Rupee gains 1.13 percent on IMF bailout bets - Financial Daily News Site

Rupee gains 1.13 percent on IMF bailout bets

KARACHI: The rupee on Friday gained 1.13 percent against the dollar in the interbank market hoping the initiation of fuel subsidy reversal will open the spigots of IMF loan inflows worth $6 billion, analysts said.

The rupee ended at 199.76 to the dollar, compared with Thursday’s close of 202.01. The domestic currency recovered by 2.25 rupees after consecutive decline for 16 sessions.

In the open market, the local unit gained 2.50 rupees of its value. It was trading at 201 versus the greenback.

The government removed the fuel prices cap to secure the financing from the IMF after the both sides failed to reach a staff level agreement to conclude the seventh Extended Fund Facility (EFF) review.

The ruling coalition, which took office in April, is struggling to implement targets set by the lender agreed to in the bailout deal.

The former prime minister Imran Khan froze the petroleum prices to cool surging inflation. The new government had been unwilling to raise the fuel prices fearing its political cost.

As the government has met the prerequisite of the IMF programme, both sides are expected to reach a staff level agreement soon to pave the way for the disbursement of $900 million in funds.

“Getting back on the IMF programme will open access to much needed external financing, especially from multilateral institutions,” Mustafa Mustansir, the head of research at Taurus Securities Limited told The News.

“This will help reduce Pakistan’s default risk. The same will also support the rupee,” he said.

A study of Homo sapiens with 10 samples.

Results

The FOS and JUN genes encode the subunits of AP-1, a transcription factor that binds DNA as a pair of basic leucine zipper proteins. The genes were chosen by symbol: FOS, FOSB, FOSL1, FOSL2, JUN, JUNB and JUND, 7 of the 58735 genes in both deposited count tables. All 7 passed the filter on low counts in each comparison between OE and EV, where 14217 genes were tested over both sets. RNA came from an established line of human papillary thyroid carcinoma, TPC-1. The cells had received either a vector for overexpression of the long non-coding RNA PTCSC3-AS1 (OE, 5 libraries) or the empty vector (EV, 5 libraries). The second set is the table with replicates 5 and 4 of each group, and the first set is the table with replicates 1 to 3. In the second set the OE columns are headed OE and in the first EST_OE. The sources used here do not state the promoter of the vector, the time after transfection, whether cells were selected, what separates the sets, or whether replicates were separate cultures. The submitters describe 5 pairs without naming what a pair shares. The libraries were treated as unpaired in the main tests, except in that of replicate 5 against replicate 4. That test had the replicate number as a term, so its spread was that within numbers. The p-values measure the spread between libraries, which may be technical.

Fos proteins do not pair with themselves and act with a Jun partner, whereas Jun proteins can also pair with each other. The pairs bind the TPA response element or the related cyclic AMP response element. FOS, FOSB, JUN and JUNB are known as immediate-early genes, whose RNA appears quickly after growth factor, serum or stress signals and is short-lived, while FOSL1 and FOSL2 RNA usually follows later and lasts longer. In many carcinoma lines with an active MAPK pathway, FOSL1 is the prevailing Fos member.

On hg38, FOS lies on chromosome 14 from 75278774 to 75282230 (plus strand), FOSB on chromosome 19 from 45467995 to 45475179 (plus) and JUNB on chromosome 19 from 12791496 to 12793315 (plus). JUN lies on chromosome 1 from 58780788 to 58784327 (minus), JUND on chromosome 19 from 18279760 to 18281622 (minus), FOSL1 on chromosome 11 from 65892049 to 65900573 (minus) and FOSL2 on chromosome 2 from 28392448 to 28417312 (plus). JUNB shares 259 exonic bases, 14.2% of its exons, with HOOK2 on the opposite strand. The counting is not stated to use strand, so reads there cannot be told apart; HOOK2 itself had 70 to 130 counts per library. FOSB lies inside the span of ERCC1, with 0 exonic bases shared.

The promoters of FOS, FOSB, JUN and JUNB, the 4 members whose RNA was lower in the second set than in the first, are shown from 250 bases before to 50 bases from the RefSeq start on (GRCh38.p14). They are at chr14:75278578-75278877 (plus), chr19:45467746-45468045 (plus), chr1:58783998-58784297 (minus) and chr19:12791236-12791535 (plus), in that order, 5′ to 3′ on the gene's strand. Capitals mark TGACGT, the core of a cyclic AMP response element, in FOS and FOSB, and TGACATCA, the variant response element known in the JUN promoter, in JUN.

However, Mustansir sees an increase in headline inflation as fuel and electricity subsidies are removed. Core inflation will also rise significantly.

“For now we anticipate inflation for May to rise to 14-15 percent level, followed by over 16-17 percent inflation during June assuming subsidies will be withdrawn further in the coming days,” Mustansir added.

“However, tough measures need to be taken if Pakistan is to avoid a ‘Sri Lanka’ type situation,” he added.

Despite today’s recovery, the rupee still faces pressure. It has fallen by 26.53 percent against the dollar so far this fiscal year.

The lack of foreign assistance and political instability has increased the risk premium (credit default swap) for the country. Yields on the country’s dollar-denominated bonds were over 20 percent. Foreign banks are becoming reluctant to offer trade credit for oil imports to Pakistani refineries and oil marketing companies.

The repayment of a $1 billion bond is maturing in July 2022 followed by another bond maturing worth $1 billion in December 2022.

The ongoing political turmoil worsened after Khan gave an ultimatum to the government that he would return in six days if no elections were called.

The country’s economy is under immense pressure as foreign exchange reserves are running low. As of May 20, Pakistan had $16.1 billion forex reserves, of which the State Bank of Pakistan held $10.1 billion, a less than two months of imports cover.

Fahad Rauf, the head of research at Ismail Iqbal Securities said the hike in the fuel prices was absolutely necessary, not just to revive IMF but to curtail demand in the economy in order to save precious dollar reserves.

“There will likely be more price hikes down the lane, which along with the budget announcement would lead to IMF revival and reduce default risk,” Rauf added.

According to latest estimates shared by the SBP, Pakistan’s gross financing needs for the fourth quarter of this fiscal year and FY2023 amount to $45 billion in total whereas, potential financing arrangements are about $51 billion. However, a large part of these arrangements are multilateral loans, mostly conditional to the restart of the IMF programme.

The country’s foreign currency reserves are depleting due to widening current account deficit and higher external debt repayments. The current account deficit widened sharply to $13.8 billion in 10 months of this fiscal year.

The major reason behind the widening deficit is increasing imports amid higher global commodity prices.